09
Sep
08

UC Berkeley Destroys Native American Sacred Site

BERKELEY, CA- University of California police moved in yesterday morning and cut many limbs and branches of a Redwood tree and cut down twelve Oak trees that have been protected by tree-sitting protesters for the last 21 months. Five people were arrested as they peacefully pleaded with arborists not to destroying the trees of the Memorial Oak Grove deemed a sacred burial site to Ohlone Indians.Twelve trees were cut today and the University says they will continue cutting 46 over the weekend. Four protesters remain in a single Redwood tree in the center of the grove. Arborists trimmed most of the branches from the Redwood tree occupied by the four remaining tree sitters. Cutting the branches made it virtually impossible for the tree sitters to move from tree to tree. A spokesman for the campus said that within three days, the University would no longer honor its agreement to ensure they had adequate nutrition and water. The tree sitters currently only have one liter of water to share between four people as they sit in 90 degree heat.

The Memorial Oak Grove is regarded as a sacred place to Native American people and is documented as such by UC Berkeley’s own Anthropology Department. There is evidence of 2 shell mounds sites in the area, with 19 ancestral remains found within them. Along with UC Berkeley’s attempt to develop on a sacred place, they are guilty of housing over 17,000 sacred remains and objects. UCB currently holds the largest human remains collection in the United States of which it is not in compliance with the Native American Graves Protection and Repatriation Act (NAGPRA)

“I brought my five year old daughter and two month old son out today to bear witness to the massacre of sacred life,” said Morning Star Gali of the Pit River Tribe and co-chair of Advocates to Protect Sacred Sites. “The cops responded by yelling to move them behind the median. I asked if they would stand by as complacent if it was their grandmother’ s gravesites being desecrated. I want my children here to witness the destruction of sacred life and how important it is to protect it. I wanted them to witness the cops, arborists and UC Officials that participated and cheered as the trees came crashing down from bulldozers. This exhibits the ongoing Human Rights abuses committed by the University. They refuse to comply with NAGPRA by holding 13,000 of our ancestors remains hostage, they illegally reorganized NAGPRA with no tribal consultation and now they continue to desecrate sacred burial grounds.”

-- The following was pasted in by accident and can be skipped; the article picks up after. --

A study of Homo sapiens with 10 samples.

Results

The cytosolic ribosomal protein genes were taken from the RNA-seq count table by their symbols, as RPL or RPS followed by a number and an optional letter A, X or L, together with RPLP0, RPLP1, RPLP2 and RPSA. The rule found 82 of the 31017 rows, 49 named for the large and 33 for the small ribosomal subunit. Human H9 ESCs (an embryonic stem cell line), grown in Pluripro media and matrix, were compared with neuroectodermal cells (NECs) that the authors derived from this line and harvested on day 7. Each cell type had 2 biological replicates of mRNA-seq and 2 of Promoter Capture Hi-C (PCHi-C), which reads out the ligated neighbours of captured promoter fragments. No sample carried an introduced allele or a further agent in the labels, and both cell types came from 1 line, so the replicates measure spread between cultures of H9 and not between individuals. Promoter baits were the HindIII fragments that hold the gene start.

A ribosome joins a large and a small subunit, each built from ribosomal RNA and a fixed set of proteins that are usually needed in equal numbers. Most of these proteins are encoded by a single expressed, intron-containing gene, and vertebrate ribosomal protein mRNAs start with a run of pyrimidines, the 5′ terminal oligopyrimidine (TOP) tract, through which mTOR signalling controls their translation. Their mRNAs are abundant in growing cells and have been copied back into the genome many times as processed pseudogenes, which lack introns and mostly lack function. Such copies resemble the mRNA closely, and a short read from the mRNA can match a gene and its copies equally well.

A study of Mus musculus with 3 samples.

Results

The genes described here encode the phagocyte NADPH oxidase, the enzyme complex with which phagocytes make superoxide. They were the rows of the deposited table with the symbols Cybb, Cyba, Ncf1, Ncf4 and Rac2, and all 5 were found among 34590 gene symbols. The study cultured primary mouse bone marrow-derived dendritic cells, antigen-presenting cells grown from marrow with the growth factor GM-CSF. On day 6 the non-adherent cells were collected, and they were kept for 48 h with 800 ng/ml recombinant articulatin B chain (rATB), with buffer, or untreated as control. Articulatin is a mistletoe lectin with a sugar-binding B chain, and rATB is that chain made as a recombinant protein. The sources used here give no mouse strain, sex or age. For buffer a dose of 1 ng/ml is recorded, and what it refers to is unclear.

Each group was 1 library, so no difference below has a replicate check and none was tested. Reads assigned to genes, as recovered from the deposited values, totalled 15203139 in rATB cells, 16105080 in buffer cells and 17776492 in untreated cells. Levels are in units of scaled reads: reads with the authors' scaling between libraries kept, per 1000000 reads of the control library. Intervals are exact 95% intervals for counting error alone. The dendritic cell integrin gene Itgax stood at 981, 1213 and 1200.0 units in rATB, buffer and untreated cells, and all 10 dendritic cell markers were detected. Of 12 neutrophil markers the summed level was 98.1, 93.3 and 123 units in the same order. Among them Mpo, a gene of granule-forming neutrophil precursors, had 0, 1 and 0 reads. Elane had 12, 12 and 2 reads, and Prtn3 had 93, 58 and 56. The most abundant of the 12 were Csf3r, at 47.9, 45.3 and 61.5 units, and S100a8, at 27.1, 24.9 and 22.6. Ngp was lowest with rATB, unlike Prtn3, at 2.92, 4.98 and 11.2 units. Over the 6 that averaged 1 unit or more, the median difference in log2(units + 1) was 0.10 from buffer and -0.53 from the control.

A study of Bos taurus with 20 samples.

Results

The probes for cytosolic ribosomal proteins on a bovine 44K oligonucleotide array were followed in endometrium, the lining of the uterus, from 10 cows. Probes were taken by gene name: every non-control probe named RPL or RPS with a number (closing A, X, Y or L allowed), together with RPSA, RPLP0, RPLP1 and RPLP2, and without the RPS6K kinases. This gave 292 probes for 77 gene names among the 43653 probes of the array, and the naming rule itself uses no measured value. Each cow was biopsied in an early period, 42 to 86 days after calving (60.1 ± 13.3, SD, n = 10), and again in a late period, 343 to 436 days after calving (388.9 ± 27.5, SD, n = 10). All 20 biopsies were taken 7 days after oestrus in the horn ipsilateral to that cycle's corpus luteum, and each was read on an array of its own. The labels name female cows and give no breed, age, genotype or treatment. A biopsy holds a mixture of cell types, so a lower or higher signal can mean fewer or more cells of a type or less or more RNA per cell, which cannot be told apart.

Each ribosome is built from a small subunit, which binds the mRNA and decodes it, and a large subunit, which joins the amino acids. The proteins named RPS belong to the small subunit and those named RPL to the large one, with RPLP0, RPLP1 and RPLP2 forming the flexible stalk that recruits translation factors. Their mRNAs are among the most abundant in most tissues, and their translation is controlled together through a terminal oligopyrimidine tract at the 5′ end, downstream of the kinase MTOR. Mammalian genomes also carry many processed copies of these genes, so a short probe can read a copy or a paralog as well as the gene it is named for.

The Memorial Grove is a native Coast Live Oak ecosystem. Native oaks support the most complex terrestrial ecosystems in California. The California Native Plant Society CNPS has stated that the Memorial Oak Grove is “an important gene bank for the Coast Live Oak.” Every one of the oaks in the grove should be protect by law and the Berkeley Coast Live Oak moratorium forbids cutting mature Coast Live Oaks in Berkeley. UC refuses to recognize the law. The grove is also part of a National Historic Site. The Stadium and landscape is a memorial to Californians who died in World War I.

The tree sitters are urging people to come and show support for the trees and bear witness to the University of California’s blatant disregard to sacred sites and native ecosystems.

http://www.indybay.org/newsitems/2008/09/06/18533607.php



  1. 1 Go Bears
    September 22, 2008 at 8:20 pm

    The ancestral remains aspects were possibly the strongest issue on the table, not the sacred nature of the trees that were planted by UCB long after the time of the ancestors. That would’ve been a much stronger message with a greater likelihood of success, considering the legal precedence in Emeryville regarding shellmounds there. Getting mixed up in the trees with the sitters, the PHA and the CA Oaks Foundation severely weakened the Native People’s message, sorry. The unintended consequence of the treesitters’ actions is that next time, organizations will just leave lots vacant instead of incurring the burdensome liability of planting trees.

  2. September 23, 2008 at 4:01 am

    Yes, I have to agree with you, and with a lot of other coverage of the issue in the local media around Berkeley all I saw was repeated and exclusive reference to the tree issue alone. Thanks very much for your comment.